The Puro Sound Labs BT5200 wireless headphones are broccoli for your ears.
That's not really "rock 'n' roll," but the BT5200s are made to save you from yourself and keep your hearing healthy. Inside of the aluminum earcups with their 40mm custom dynamic drivers is a microprocessor that monitors their decibel level and alerts you via an LED when your volume is safe or unsafe.
Basically, to keep your hearing healthy, it's recommended that you keep volume at or below 85 dB. When you're in this range with the BT5200s, the tiny LED on the left cup glows green. When you're between 85 and 95 -- a level you should limit to 2 hours or less -- the LED glows yellow. Keep raising the volume till you're over 95 decibels and the LED turns red, letting you know you're on your way to hearing damage.
Knowing the safe listening level at a glance is nice (even if it does require taking the headphones off to find out), but you still want to be able to hear whatever it is you're listening to. For that, Puro balanced the sound quality, so it actually sounds loud at a lower volume.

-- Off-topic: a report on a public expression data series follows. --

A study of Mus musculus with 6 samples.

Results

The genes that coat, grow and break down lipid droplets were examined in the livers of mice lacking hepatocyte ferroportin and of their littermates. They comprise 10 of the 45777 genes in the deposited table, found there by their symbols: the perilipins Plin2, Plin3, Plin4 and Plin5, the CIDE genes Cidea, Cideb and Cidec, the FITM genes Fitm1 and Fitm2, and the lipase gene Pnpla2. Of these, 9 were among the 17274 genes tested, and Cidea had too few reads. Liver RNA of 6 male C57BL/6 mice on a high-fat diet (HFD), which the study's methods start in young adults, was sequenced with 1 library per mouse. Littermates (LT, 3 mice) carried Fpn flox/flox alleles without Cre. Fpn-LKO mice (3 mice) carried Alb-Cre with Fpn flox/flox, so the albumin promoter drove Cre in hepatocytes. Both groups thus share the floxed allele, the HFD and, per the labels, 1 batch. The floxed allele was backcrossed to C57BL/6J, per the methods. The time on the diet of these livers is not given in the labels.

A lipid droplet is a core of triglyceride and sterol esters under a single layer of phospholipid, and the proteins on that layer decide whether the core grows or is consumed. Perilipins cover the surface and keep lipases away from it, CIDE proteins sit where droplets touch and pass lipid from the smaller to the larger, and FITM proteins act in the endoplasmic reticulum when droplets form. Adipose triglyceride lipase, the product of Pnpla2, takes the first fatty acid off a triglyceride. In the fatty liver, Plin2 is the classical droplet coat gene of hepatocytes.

The Puros have a natural, warm tone to them with full bass, and sound excellent for a variety of music styles as well as spoken word such as audio books and movies and TV. If you're looking for a lot of booming, hard-hitting bass or highly detailed audio, these probably won't satisfy. But for those with eclectic tastes or those who want a good multipurpose headphone, the BT5200s hit the mark.
There is no active noise cancellation, so if you're on a plane, train or bus, you're still going to hear much of the noise. The earcup padding combined with the pressure of the headband does block 82 percent of external audio according to the company, though, and I believe it. All it takes is listening to some music at low volume to completely block out extraneous noise in my office.